Twenty minutes with the Fuji XF 50-200mm

So today I said goodbye to my five year old Micro Four Thirds gear. I part exchanged it for a Fujifilm XF 50-200mm, which I have to say (admittedly after only 20 minutes of playing with it) is one smart cookie.

The people over at dpreview have done one of their usual detailed reviews. Also Matthew Maddock ( has a particularly good hands on review which echo’s many of my own initial thoughts. If you are thinking about getting this lens I suggest you check these out, they both had a bearing on my purchase of this lens.

So here are my first impressions:

1. It is larger and heavier than you think.  Having handled Fujifilm’s other long telephoto zoom, the XC 55-230mm, I wasn’t quite expecting such a beef cake of a lens.  Weighing at 580g (20.5 oz), 205 grams (7.23 oz) more than the XC you really know you are carrying it.  It does unbalance the XE2 some what in a way the XC doesn’t, but would probably be fine on the XT1 or with one of the accessory grips you can get for the other X “rangefinder style” cameras.

2. It is very well built, there is no wobble between the barrel parts with the lens fully extended, and with all that weight it feels very sturdy.  Although it needs to be supported by your left hand, it does feel very nice.  You can find your way between the three control rings (focus, zoom and aperture) without having to take your eye away from the camera.  The focus and aperture rings move like butter, and whilst the zoom ring on my copy is a little stiff, this will probably loosen up over time.  Hopefully without causing too much lens creep.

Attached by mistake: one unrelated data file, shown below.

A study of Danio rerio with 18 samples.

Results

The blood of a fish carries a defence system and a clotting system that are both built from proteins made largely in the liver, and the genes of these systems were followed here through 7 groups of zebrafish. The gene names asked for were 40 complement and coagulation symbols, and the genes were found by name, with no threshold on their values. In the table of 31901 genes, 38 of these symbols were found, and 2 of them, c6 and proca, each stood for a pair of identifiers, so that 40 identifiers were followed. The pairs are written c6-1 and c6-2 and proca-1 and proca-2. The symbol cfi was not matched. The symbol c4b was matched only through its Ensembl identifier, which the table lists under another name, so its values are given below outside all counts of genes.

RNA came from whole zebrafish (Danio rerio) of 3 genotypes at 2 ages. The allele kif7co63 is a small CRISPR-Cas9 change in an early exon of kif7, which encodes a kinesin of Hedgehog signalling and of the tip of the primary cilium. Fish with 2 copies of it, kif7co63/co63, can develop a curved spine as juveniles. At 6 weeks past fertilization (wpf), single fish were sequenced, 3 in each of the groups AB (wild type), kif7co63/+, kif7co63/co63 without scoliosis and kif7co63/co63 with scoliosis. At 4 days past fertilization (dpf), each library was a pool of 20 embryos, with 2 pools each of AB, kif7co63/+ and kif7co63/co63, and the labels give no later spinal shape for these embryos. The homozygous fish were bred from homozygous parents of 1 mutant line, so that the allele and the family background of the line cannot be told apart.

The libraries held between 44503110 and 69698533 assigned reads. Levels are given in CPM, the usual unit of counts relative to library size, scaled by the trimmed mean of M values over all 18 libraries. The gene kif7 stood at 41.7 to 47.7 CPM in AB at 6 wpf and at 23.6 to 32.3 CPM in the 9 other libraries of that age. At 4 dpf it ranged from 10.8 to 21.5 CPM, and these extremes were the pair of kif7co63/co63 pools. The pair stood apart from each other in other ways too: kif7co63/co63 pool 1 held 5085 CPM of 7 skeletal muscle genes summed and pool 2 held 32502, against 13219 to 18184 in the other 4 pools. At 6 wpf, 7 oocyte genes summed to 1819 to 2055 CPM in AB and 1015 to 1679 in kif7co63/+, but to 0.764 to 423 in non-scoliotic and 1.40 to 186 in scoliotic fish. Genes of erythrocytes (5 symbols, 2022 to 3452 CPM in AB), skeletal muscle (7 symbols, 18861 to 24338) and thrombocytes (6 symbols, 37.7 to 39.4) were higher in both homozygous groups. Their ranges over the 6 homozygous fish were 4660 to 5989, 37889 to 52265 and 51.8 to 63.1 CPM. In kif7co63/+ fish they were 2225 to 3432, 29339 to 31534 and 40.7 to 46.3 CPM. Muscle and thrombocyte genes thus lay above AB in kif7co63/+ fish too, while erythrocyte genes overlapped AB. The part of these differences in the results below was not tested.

These two points just go to show, that whilst going mirrorless can make your APS-C and full frame camera smaller, not all the lenses which service these sensors can be made into itty-bitty pancakes and so you might still be toting around some fairly large pieces of glass.

3. You can really tell the difference between an XC and an XF lens, it isn’t just the weight.  The autofocus on the XC is so slow, even if you are able to use phase detection autofocus like on an X-T1 / XE2 body, your subject could go and make a cup of tea before it locks on (they could have a three course meal if you are trying to focus with an X-Pro1 / XE1).  Not so with the XF model, I had no problem locking onto and photographing these birds in Camley Street Natural Park.



4. Whilst I love my Fuji prime lenses, it is great to finally have a capable zoom back.  I really enjoyed walking around the nature park for 20 minutes, whilst waiting for my train, snapping the wildlife.  I love that even at the long end you can have a fairly wide aperture and so can use fast shutter speeds and the bokeh produced is pretty.

5. I have been shooting with some legacy telephoto lenses lately and I have really noticed the lack of image stabilisation.  It is great to have it back now on this lens, and it worked really well, I didn’t miss one shot through camera shake and I had a large coffee that day too!

I’ll be using this lens on Saturday whilst covering Strawberry Fair for Cambridge 105, so will follow-up if I notice anything else.